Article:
Serum sickness is a reaction that is similar to an allergy. The immune system reacts to medications that contain injected proteins used to treat immune conditions. Or it can react to antiserum, the liquid part of blood that contains
Causes, incidence, and risk factors
Plasma is the clear fluid portion of blood. It does not contain blood cells. However, it does contain many proteins, including antibodies, which are formed as part of the immune response to protect against infection.
Antiserum is produced from the plasma of a person or animal that has immunity against an infection or poisonous substance. Antiserum may be used to protect a person who has been exposed to a germ he or she has not been vaccinated again.
For example, you may receive a certain type of antiserum injection if you have been exposed to
During serum sickness, the immune system falsely identifies a protein in antiserum as a potentially harmful substance (
Certain medications (such as penicillin, cefaclor, and sulfa) can cause a similar reaction. Unlike other
Injected proteins such as antithymocyte globulin (used to treat organ transplant rejection) and rituximab (used to treat immune disorders and cancers) can cause serum sickness reactions.
Blood products may also cause serum sickness.
- General ill feeling
- Joint pain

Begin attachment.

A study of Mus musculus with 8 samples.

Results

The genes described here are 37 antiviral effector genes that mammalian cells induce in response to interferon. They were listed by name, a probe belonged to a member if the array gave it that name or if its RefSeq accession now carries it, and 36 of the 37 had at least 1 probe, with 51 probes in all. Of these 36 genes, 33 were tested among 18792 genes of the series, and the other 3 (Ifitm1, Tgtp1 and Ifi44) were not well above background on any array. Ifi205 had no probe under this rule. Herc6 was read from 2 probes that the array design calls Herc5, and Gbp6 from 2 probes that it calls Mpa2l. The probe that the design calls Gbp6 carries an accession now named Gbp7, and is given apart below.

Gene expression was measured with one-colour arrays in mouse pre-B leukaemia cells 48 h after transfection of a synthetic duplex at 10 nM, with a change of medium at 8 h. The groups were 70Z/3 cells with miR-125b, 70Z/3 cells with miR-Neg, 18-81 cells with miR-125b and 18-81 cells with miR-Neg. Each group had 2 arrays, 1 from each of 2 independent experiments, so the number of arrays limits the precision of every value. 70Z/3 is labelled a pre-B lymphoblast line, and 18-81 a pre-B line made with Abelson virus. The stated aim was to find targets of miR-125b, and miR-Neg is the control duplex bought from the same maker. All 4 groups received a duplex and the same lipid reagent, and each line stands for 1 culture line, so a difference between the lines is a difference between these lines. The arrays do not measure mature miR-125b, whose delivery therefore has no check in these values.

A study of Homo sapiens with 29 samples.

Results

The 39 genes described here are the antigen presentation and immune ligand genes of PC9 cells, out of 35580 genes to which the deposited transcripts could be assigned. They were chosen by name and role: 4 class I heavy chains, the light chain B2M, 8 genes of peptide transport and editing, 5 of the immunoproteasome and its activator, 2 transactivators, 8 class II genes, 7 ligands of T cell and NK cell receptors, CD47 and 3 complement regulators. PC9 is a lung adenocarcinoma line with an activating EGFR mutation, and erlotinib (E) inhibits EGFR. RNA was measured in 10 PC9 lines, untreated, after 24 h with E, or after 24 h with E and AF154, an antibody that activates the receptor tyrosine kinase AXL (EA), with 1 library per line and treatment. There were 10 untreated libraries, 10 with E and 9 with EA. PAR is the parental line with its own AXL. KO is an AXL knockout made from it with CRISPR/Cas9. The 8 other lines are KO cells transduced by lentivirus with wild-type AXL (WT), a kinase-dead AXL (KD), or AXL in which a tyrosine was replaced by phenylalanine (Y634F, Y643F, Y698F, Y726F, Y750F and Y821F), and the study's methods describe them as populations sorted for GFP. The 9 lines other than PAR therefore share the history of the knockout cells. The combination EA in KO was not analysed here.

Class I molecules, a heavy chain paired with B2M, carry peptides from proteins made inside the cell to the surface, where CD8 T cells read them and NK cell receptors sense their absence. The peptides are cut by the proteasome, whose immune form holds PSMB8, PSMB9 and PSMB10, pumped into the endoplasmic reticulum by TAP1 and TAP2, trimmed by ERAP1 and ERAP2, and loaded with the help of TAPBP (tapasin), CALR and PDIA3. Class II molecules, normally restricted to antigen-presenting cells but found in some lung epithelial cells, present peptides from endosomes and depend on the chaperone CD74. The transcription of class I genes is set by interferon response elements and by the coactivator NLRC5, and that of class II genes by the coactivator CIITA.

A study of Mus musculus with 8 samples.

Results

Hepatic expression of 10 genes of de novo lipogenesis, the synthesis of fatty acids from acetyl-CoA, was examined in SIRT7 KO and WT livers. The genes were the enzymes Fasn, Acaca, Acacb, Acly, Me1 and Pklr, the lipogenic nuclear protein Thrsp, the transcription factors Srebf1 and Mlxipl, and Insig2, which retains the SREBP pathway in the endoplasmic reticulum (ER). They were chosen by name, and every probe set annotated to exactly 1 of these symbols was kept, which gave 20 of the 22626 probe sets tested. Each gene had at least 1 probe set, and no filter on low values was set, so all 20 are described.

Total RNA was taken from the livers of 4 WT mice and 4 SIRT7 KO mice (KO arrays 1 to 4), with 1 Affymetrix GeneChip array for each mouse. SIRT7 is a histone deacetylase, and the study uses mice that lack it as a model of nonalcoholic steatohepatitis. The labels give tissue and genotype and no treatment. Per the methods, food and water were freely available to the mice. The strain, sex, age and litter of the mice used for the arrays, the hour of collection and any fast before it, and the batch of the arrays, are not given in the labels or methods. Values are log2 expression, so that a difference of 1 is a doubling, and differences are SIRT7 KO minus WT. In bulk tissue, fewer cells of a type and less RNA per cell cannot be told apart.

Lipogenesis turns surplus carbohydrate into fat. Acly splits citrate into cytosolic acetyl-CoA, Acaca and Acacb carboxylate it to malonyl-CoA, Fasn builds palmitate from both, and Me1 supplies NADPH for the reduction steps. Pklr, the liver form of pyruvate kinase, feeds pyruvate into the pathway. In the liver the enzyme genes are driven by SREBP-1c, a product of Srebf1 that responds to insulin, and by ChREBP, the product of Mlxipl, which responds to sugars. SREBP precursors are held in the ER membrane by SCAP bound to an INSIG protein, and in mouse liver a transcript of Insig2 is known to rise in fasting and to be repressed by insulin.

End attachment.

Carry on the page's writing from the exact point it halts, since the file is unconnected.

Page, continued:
- Swollen lymph nodes
Note: Symptoms usually do not develop until 7 – 21 days after the first dose of antiserum or exposure to the medication. However, some people may develop symptoms in 1 – 3 days if they have already been exposed to the substance.
Signs and tests
The lymph nodes may be enlarged and tender to the touch. The urine may contain blood or protein. Blood tests may show immune complexes or signs of blood vessel inflammation.
Corticosteroid creams or ointments or other soothing skin medications may relieve discomfort from itching and a rash.
Antihistamines may shorten the length of the illness and help ease a rash and itching.
Nonsteroidal anti-inflammatory drugs (NSAIDs) such as ibuprofen or naproxen may relieve joint pain. However, NSAIDs should be used carefully because of the risk for kidney damage. Corticosteroids taken by mouth (such as prednisone) may be prescribed for severe cases.
The medicine that caused the problem should be stopped. Avoid using that medication or antiserum in the future.
The symptoms usually go away within a few days.
If you use the drug or antiserum that caused serum sickness again in the future, your risk of having another similar reaction is high.
Anaphylactic shock, an immediate, life-threatening reaction
- Inflammation of the blood vessels
- Swelling of the face, arms, and legs (
Calling your health care provider
Call your health care provider if you have received medication or antiserum in the last 4 weeks and you have symptoms of serum sickness.
There is no known way to prevent the development of serum sickness.
People who have experienced serum sickness, anaphylactic shock, or drug allergy should avoid future use of the antiserum or drug.